September 5, 2012

We made our target! In five days, no less. I sank to the depths of tweeting Nathan Fillion cos he’s in the promo video… Don’t know if it helped, but 16 new backers contributed over $800 afterwards. Cooperative Press did some promoting yesterday too, so I can’t really claim any credit.

I’m thinking of entering this Vogue competition. The garment thereby inspired is probably going to be my most expensive EVAR. And is kind of bizarre. But bizarre is very Vogue, so I think it’s worth a pop.

A lot of my designs are a bit bizarre and niche-y. NB you can’t see these yet, they’re all in prep or in the slushpile awaiting a publication opportunity. I can see they probably appeal to a small market, e.g., maths geeks, or they use techniques that might be a little scary for the average knitter.

I could produce something more mainstream, I suppose, but I find it hard to think of anything! The few mainstream ideas I do get, I usually dismiss as being too ‘ordinary’, not standing out from all the other designs out there. My thinking goes thuswise: Why would someone pick my bog-standard Aran jumper over the other 6,000 on Rav? Answer: make mine different – use plarn! see-through cables made of i-cord! I know – an Aran body! With pom-poms on the nipples! Yeah!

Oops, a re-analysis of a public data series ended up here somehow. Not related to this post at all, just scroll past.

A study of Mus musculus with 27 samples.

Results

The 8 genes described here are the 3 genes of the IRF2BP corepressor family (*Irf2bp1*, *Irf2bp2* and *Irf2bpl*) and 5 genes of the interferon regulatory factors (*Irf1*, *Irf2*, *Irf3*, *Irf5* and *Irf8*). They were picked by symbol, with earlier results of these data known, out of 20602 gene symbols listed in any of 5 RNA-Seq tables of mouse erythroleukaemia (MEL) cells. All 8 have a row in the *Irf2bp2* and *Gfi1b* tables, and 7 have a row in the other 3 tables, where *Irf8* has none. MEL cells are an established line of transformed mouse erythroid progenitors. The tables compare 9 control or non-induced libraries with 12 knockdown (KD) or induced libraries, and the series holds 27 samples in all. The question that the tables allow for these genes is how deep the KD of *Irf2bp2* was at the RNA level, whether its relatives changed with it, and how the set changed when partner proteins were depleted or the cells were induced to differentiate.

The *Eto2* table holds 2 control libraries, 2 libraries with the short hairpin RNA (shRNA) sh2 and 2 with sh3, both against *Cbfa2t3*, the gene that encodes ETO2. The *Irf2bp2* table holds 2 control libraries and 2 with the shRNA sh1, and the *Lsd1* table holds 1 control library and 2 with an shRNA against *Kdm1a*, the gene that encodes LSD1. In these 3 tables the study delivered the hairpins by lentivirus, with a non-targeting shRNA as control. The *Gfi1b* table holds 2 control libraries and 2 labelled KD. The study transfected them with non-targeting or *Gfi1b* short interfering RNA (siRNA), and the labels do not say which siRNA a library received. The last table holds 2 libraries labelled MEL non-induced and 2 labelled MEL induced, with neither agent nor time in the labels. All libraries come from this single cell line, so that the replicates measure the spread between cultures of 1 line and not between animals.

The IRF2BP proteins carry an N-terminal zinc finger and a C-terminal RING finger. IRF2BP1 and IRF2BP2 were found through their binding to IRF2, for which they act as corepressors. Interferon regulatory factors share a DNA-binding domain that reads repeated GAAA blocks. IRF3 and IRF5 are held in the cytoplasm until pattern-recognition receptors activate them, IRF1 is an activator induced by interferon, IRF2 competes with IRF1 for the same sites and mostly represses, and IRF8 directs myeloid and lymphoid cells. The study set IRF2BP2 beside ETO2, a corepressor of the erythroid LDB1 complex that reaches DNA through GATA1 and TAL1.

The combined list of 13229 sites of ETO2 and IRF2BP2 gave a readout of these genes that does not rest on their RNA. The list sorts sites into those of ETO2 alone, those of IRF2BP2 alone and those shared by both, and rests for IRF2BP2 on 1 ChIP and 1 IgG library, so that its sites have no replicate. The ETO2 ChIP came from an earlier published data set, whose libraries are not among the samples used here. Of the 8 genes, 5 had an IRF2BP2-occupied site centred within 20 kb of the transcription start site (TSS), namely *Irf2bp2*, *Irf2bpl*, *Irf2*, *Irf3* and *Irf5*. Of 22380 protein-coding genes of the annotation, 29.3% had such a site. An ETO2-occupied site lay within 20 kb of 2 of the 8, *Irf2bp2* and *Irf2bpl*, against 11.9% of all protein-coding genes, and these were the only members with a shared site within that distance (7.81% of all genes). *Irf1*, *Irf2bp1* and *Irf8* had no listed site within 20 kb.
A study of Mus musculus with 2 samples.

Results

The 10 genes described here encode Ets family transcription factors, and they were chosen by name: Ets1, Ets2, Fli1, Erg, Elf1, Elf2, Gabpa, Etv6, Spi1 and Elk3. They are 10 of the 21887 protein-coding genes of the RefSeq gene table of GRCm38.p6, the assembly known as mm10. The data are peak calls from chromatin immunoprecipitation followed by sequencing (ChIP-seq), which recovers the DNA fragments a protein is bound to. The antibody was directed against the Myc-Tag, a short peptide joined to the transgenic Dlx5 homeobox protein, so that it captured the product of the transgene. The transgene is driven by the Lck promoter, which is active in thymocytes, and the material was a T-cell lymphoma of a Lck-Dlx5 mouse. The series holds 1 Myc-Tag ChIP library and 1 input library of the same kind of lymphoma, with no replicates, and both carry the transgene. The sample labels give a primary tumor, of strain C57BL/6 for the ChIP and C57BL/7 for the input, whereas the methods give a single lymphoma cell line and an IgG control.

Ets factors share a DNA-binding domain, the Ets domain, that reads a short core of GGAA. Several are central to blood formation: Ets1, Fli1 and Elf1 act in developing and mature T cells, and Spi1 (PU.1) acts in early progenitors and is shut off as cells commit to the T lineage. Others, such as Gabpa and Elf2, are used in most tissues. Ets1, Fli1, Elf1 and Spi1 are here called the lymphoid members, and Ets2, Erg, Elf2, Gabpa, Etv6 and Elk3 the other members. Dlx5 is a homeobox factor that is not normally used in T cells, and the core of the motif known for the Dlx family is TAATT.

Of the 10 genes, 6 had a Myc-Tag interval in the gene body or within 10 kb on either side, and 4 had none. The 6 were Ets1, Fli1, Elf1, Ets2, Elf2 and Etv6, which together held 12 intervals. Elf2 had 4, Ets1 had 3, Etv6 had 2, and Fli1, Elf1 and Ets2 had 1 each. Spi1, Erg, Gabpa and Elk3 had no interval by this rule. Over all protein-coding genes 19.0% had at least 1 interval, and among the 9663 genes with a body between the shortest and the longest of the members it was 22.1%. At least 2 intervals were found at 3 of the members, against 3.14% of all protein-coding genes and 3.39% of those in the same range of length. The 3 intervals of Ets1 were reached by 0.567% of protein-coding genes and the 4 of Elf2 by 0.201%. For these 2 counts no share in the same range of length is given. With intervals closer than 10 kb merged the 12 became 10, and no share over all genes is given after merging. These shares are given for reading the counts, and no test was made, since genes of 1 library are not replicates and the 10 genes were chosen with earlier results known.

You see where this is going.

I blame Maggie Jackson. She warped my sense of what could be done with knitting, and I’ve been coming over all inappropriate since.

ION, my skein of Malabrigo Chunky in the Col China colourway arrived yesterday. It was the only skein of MC in the whole of the UK at the time – I know, I looked everywhere! On the Malabrigo w/s, it looks purple, green and brown, and reminds me of Cadbury’s chocolate*. The skein I’ve got, OTOH, is red and green, and looks more like Snow Bird or Melilla. This should not be construed as a criticism – I’d far rather have red/green than purple/green/brown – but it does make a point about your variegated colourways. Truly, you can never know what you’re getting. Even skeins in the same dyelot, in the same bag, can be utterly different.

Mmmm, soft…

Must go now. Malabrigo to pet!

* – Handy tip: in painting, or in wool, if you want to simulate the appearance of gold the metal, look at your lightish greens. They’ll generally work better than your yellows.